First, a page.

Super heroines fly into glass ceiling


The movie, set for release next year, is a parody of the female- superhero stories that quickly became a fad and just as quickly burned themselves out. The most recent evidence is the tepid opening of Paramount Pictures' "Aeon Flux" at $12.6 million.

"There's been overkill with these latex-wearing females in computer-enhanced action movies that hit the same cheesy notes," said Brandon Gray, president of movie-tracking site Boxofficemojo.com. "When there are parodies on the horizon, that proves it's dead as a subgenre."

There have been a string of flops, including Warner Bros.' "Catwoman" and Fox's "Daredevil" spinoff "Elektra." The sequel to the moneymaking "Lara Croft: Tomb Raider" did so poorly that Paramount hasn't committed to any more films in the series.

Good in a group

Studio executives stop short of saying that female superheroes aren't bankable, but recent movies have shown that they work only in ensemble casts and not by themselves. That knowledge, cemented by "Aeon Flux," could cause Hollywood to turn away from such projects in the future.

"They'd have to be rethinking any movie like that in development," said Paul Dergarabedian, president of box-office-tracking firm Exhibitor Relations Co.

They keep trying, though, because these movies have something that Hollywood desperately needs: awareness. As it becomes tougher to build buzz for a movie in the cluttered and fragmented media marketplace, a property with some name recognition can give a vital head start. "Aeon Flux" was based on a comic book and an MTV series of the same name. "Catwoman" was inspired by the character from the "Batman" franchise, and "Elektra" came from Marvel Comics, though their prior lives didn't boost their box office.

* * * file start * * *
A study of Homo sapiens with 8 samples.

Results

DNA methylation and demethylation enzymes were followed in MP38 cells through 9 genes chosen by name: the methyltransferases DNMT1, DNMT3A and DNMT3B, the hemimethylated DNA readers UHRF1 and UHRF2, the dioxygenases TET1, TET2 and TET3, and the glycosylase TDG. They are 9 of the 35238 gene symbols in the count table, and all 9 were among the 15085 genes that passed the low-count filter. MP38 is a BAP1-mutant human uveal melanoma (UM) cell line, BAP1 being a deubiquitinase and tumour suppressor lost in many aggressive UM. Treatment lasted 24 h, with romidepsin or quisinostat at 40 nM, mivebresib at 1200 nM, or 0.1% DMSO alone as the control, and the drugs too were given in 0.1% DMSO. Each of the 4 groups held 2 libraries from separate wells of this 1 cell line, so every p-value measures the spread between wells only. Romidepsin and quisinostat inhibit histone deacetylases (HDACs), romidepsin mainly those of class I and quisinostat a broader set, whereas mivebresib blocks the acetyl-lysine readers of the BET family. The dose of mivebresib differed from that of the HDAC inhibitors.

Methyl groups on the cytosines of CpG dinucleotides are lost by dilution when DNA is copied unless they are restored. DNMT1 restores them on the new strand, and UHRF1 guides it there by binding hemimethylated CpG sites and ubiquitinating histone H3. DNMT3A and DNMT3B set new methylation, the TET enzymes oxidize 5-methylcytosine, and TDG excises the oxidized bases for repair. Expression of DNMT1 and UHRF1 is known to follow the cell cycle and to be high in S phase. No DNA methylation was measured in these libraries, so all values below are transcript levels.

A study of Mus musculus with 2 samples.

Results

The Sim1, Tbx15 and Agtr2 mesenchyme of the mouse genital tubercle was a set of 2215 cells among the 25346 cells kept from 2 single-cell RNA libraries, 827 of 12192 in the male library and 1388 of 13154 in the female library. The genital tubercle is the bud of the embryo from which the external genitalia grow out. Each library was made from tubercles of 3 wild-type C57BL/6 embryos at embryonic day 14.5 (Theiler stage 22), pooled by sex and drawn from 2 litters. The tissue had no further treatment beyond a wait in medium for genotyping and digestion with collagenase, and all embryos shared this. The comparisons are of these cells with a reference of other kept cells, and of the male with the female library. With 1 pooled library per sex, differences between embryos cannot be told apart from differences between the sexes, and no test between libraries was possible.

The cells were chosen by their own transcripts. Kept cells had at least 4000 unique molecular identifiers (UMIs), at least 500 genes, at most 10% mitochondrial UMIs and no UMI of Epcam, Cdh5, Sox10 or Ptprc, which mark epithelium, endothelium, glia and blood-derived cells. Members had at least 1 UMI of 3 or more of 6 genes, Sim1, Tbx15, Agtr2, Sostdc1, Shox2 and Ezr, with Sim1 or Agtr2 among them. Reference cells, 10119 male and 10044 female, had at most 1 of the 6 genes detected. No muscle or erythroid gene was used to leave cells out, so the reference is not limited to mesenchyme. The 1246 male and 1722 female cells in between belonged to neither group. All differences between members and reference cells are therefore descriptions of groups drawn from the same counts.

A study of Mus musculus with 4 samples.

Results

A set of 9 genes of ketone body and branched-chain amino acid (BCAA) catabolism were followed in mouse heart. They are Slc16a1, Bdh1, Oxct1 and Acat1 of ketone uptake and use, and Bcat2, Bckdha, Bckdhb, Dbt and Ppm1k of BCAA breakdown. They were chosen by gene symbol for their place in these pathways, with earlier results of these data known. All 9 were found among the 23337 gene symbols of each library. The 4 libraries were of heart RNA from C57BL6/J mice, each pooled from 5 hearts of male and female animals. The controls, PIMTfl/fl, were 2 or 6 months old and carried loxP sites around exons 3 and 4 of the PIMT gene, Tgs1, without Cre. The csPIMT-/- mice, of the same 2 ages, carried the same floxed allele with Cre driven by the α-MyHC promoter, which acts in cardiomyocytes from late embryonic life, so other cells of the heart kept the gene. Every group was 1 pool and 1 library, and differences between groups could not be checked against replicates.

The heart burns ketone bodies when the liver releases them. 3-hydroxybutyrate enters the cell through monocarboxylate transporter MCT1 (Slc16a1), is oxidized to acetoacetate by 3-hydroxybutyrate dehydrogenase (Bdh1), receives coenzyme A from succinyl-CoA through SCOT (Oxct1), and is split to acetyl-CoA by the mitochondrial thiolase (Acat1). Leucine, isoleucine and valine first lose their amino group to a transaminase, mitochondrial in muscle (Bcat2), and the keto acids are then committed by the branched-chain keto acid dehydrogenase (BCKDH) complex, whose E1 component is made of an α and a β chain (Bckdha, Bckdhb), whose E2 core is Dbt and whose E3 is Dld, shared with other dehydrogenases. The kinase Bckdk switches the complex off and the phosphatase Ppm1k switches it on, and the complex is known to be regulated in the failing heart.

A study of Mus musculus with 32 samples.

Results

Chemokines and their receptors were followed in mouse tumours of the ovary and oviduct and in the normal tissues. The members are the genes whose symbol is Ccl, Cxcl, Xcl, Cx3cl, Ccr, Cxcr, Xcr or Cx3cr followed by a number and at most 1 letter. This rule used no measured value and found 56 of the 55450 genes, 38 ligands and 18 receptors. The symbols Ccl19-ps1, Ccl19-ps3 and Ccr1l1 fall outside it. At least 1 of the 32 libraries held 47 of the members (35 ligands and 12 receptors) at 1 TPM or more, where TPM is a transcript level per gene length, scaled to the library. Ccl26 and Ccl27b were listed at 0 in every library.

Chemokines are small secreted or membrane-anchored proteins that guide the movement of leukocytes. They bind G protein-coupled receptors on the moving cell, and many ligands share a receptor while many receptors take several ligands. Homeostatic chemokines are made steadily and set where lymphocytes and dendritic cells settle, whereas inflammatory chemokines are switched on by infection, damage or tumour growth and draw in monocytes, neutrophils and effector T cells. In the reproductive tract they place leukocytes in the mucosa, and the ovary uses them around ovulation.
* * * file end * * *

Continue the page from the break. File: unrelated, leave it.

Studios also know that comic book and sci-fi fans are devout and likely to be a continuing source of revenue if they latch onto a property. They will see the movie, buy the DVD, licensed merchandise and other add-ons, but only if they really connect with the project out of the gate.

That's one reason why Warner Bros. has a big-screen version of "Wonder Woman" in development with well-known producer Joel Silver and writer/director Joss Whedon, who created the successful girl-empowerment TV series "Buffy the Vampire Slayer." There's no start date yet for the film, though, and it's already been in the pipeline as a concept for quite some time.

News Corp.'s 20th Century Fox has a "Fantastic Four" sequel in the works, with Jessica Alba set to return as one of the comic book-inspired crime-fighters, as well as another "X-Men" movie for next summer that will feature at least a few female superheroes.

TV and video games have been fertile ground for such characters over the years-"Resident Evil" and "Dark Angel" are among the successes-but films with a female superhero lead have generally fallen flat. Some Hollywood-watchers say that may have more to do with the way the characters are translated to movies than with audiences' reluctance to accept strong females in butt-kicking roles.

Turn-offs

"It could be the sci-fi, futuristic settings they're put in that turns a lot of people off," said Mr. Dergarabedian. "If it's a more contemporary relatable scenario, people will buy it."

Audiences have embraced strong female characters in "Terminator" and the "Alien" series, as well as more recent movies like "Kill Bill" and "House of Flying Daggers," even though they all require some suspension of disbelief.

The lack of response to female superhero movies could also be because there have been so many heavily-armed, gymnastic, black-clad women in movies ranging from "Underworld" and "The Matrix" series to "Blade: Trinity" and "Resident Evil."

Movies like "Aeon Flux" have trouble crossing over to female audiences in particular, perhaps because they're fantasy versions of women, Mr. Gray said. "They're the classic staples of the fan-boy mentality," Mr. Gray said. "It's pseudo-feminist."